Repetition leads to habit. Collective habit in a community though becomes tradition and eventually heritage. Alice Walker in “Everyday Use” uses quilts as a representation of two different approaches of preserving African American heritage in the ever evolving modern world. Dee is the woman who “made it” (Walker 103), who becomes suddenly passionate about protecting her roots. As the older daughter in the Johnson family, she is lucky enough to be sent to college and after many years, she decides to visit her rural home, a place she thinks she has outgrown.
The new Dee adopts a newly-found Africanism and even changes her name to a more superficially impressive “Wangero Leewanika Kemanjo”. The reader soon discovers her selfish reasons for her visit. She wants proof of her humble beginnings; she wants to show the world how far she’s come. When Dee takes Polaroids of her mom and sister, she always “[makes] sure the house is included” (105). She is like a tourist, taking pictures she can later brag about.
More importantly, she returns because she wants the old quilts her grandma, who ironically shares the same name as her, made. The older daughter sees the quilts as a link between her and the larger African American past. She correctly considers them as a part of a fleeting inheritance but she fails to realize her own alienation from the rich tradition. In her attempt to make a statement, she has ironically adopted the white man’s approach at preserving heritage, which involves hanging the quilts rather than using them (108).
Dee’s attempts are perceived as phony. She accuses her family of not appreciating their heritage, when she herself tries so hard to sever ties with the truth. Maggie, the younger sister, approaches her heritage in a more subtle and maybe even ignorant way. She might lack Dee’s education and worldliness, but in contrast she knows everything there is to know about quilting, family history, and life in the country. Maggie’s apathy to the revolutionary times is not completely due to ignorance. It’s her own choice to “good-heartedly” (104) stay with her mom.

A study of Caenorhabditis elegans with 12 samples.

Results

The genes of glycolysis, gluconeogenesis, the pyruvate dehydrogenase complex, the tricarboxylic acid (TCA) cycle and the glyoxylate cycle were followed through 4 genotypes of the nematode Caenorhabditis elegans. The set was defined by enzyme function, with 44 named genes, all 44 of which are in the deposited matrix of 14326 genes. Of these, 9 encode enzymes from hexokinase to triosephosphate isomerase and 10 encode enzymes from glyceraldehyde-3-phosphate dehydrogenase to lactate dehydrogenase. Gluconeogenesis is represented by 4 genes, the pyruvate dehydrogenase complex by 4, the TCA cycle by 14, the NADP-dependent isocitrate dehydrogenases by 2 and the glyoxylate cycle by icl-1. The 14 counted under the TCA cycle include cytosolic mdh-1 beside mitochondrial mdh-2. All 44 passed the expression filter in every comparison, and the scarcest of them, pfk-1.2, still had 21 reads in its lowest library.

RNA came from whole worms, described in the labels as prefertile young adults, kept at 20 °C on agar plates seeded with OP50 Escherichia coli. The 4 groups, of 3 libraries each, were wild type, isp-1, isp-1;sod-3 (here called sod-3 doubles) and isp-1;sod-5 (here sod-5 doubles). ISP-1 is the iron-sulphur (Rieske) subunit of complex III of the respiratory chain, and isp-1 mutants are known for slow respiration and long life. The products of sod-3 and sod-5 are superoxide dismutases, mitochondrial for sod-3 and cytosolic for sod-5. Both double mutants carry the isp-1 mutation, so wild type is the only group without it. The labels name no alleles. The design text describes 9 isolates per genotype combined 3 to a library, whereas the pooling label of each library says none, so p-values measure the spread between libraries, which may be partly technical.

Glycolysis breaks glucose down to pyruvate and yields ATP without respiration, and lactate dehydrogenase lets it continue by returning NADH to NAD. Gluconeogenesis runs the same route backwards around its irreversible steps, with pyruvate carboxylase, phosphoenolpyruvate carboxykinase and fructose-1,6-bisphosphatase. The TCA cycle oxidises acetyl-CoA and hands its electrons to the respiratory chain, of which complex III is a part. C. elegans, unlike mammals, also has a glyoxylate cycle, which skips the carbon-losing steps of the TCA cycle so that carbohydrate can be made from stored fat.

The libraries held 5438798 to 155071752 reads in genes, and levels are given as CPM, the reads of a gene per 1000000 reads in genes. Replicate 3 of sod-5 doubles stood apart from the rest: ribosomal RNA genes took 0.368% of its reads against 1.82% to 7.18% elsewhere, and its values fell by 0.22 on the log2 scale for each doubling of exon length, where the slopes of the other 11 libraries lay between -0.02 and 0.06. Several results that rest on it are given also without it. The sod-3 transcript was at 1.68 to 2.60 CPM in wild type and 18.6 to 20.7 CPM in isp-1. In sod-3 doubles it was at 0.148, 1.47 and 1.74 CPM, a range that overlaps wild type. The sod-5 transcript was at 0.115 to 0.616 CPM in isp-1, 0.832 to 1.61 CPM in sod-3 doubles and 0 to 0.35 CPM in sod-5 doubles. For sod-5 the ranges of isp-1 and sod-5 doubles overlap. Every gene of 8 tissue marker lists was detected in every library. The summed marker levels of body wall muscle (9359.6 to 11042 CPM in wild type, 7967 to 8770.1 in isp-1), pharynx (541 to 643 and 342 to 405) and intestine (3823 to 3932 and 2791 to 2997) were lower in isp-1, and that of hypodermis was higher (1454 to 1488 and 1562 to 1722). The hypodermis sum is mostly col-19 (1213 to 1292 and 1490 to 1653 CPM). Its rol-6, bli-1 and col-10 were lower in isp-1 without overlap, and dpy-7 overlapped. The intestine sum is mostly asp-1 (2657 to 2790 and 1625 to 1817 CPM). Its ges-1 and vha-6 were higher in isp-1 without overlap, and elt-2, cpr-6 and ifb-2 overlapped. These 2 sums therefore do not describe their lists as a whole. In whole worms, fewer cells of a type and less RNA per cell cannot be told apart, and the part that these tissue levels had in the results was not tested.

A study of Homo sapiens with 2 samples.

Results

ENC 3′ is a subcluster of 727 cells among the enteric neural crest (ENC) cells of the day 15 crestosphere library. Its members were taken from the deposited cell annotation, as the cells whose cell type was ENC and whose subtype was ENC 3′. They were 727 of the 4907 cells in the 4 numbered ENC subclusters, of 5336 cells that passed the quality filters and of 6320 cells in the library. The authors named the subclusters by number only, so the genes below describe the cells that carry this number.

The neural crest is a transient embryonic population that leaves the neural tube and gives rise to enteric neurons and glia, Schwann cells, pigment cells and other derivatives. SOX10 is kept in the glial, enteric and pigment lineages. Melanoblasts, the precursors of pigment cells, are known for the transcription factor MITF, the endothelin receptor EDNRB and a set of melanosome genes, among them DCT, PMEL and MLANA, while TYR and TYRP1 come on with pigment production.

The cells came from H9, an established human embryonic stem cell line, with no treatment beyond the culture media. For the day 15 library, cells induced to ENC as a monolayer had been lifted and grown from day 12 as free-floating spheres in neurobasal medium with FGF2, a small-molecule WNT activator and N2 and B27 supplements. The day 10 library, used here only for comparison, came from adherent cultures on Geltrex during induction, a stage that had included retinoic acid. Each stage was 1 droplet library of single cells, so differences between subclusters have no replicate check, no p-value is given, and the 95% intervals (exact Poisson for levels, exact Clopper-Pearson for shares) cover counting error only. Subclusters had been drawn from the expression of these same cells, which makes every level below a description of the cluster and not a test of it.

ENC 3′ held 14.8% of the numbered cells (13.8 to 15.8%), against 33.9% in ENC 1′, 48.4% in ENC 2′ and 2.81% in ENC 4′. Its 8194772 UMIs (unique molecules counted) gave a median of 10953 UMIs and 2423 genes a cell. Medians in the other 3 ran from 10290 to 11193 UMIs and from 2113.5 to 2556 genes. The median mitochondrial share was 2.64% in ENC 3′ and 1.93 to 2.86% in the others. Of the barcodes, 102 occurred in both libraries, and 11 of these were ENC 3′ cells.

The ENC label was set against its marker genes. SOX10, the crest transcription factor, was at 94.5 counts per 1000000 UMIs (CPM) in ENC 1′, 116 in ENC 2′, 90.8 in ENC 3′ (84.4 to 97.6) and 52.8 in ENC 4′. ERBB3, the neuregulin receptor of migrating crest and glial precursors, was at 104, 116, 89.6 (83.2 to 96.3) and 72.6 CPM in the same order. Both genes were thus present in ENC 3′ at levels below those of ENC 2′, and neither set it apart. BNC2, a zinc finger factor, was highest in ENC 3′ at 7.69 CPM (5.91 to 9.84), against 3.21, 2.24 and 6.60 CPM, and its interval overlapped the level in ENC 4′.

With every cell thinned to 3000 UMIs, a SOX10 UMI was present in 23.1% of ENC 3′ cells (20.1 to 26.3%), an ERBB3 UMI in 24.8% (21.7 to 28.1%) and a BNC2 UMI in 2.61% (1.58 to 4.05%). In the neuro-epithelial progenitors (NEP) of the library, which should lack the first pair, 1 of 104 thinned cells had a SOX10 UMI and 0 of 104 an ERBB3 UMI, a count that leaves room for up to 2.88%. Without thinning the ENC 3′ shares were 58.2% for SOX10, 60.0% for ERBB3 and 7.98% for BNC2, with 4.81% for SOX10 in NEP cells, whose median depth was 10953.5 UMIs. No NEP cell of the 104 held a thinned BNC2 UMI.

She and the mom don’t understand Dee’s definition of heritage because they live their definition everyday. Why would anyone use the churn top as a centerpiece when one can make butter with it? Even more specifically, why hang the quilts when one can use them when the days and nights get cold? The quilts represent Maggie’s deep understanding of her past, her true past: not a made up, elegant and more complex African one, but a real past, one with tradition that can be traced back “beyond the Civil War” (106).
Her heritage is alive and put to everyday use unlike her sister’s whose is just something pretty to admire when desired. The quilts are efficient to Maggie and her mom and carry a real purpose, not just a decorative one. Just like one can “feel the rump prints” (107) in the benches and see the “[shameful] burn scars” (102) in the little sister’s arms, one can sense the value of the quilts by the way Maggie reacts to the thought of giving them to her undeserving sister.
The effects of heritage are not only present in the material possessions but in Maggie herself. Maggie and Dee are both aware that in the white man’s world, their customs and traditions are the minority. They recognize the need to preserve them, but use completely different methods to do so. The true inheritor of this heritage is revealed when the mom gives the quilts to Maggie. Dee supports a long lost African legacy, while Maggie supports the true African American tradition. The quilts, just like a habit, were meant to be used everyday.